Heckling on the golf course?
Former PGA Champion Keegan Bradley -- who also proved himself a match-play force in the 2012 Ryder Cup at Medinah -- was the victim of some unwarranted, distasteful heckling at Tiger Woods's World Challenge on Saturday.
Bradley, who famously uses a belly putter, was called a, "cheater," by a spectator as he played the final hole of his third round at Sherwood Country Club.
"It's very disrespectful, but it's fine with me," Bradley told the press. "I've got to try to look at it as motivation to help me try to win this tournament."
Just last week, the USGA and the R&A proposed a new rule to ban anchored putters -- a rule that would take effect in January 2016.
Three of the last five major champions, starting with Bradley at the 2011 PGA Championship, used a belly putter. The proposed change was likely the reason -- among other things -- for the vitriol Bradley received on Saturday.
Being called, "a cheater," is the worst imaginable thing you can tag a golfer. Especially when he's done nothing wrong, which is the case with Bradley. Long putters have been legal for years. To its credit, the USGA responded to the Bradley incident with the statement below:
Far Hills, N.J. (December 2, 2012) -- The United States Golf Association (USGA) today issued the following statement regarding yesterday's incident at the World Challenge in which a spectator called Keegan Bradley's use of an anchored stroke as "cheating." The incident follows the Nov. 28 announcement by the USGA and The R&A proposing changes to the Rules of Golf that would prohibit anchoring the club in making a stroke. The proposed Rule change would take effect on January 1, 2016, in accordance with the regular four-year cycle for changes to the Rules of Golf.
"This is a deplorable incident, and there is no place in our game for this kind of behavior. As we noted when announcing proposed Rule 14-1b, it has been and remains entirely within the Rules of Golf for players to anchor the club while making a stroke. There should not be a shred of criticism of such players or any qualification or doubt about their achievements, and we think that it is inappropriate even to suggest anything to the contrary. Rule changes address the future and not the past. Up until now and until such time as a Rule change were to be implemented, golfers using an anchored stroke will have been playing by the Rules of Golf."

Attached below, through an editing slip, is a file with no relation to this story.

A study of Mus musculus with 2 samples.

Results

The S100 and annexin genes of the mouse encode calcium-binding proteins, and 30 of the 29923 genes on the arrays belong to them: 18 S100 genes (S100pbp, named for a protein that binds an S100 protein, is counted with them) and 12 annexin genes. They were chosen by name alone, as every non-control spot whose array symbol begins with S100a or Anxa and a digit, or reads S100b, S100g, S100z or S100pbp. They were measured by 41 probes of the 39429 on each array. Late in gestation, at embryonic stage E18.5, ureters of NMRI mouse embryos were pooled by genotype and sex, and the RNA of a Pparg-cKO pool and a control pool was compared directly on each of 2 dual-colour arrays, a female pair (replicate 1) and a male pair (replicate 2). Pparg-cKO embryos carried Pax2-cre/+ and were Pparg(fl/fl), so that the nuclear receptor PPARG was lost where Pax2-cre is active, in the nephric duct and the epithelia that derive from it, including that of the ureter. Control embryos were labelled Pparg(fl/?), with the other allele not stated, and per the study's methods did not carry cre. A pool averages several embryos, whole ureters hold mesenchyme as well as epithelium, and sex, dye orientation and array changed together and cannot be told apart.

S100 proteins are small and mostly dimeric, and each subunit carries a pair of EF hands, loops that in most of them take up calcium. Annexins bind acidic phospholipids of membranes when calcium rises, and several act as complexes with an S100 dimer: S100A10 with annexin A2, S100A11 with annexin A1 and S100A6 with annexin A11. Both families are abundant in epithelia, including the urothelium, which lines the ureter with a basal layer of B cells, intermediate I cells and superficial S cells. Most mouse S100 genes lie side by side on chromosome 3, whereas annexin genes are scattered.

"We are sorry that Keegan had to experience this unfounded criticism from an obviously uneducated spectator. Instead, Keegan and other PGA Tour professionals should be commended for their maturity and grace in managing through a proposed change to the Rules of Golf."
"While we understand that the proposed Rules change would cause some short-term angst, we believe the new Rule would serve the long-term best interest of the game."
Here's to hoping Bradley -- or anyone else using a long putter while it's still legal, for that matter -- is spared the nonsense from the peanut gallery.
PGA of America President Ted Bishop issued the following statement after the USGA and R&A announced its proposed long putter ban:
"The PGA has long supported the USGA in its role of establishing the Rules of Golf governing play and equipment. We have representation on the Rules of Golf Committee and we have tremendous respect for the USGA in regard to their critical role in writing and interpreting the Rules of Golf. As our mission is to grow the game, on behalf of our 27,000 men and women PGA Professionals, we are asking them to seriously consider the impact this proposed ban may have on people's enjoyment of the game and the overall growth of the game."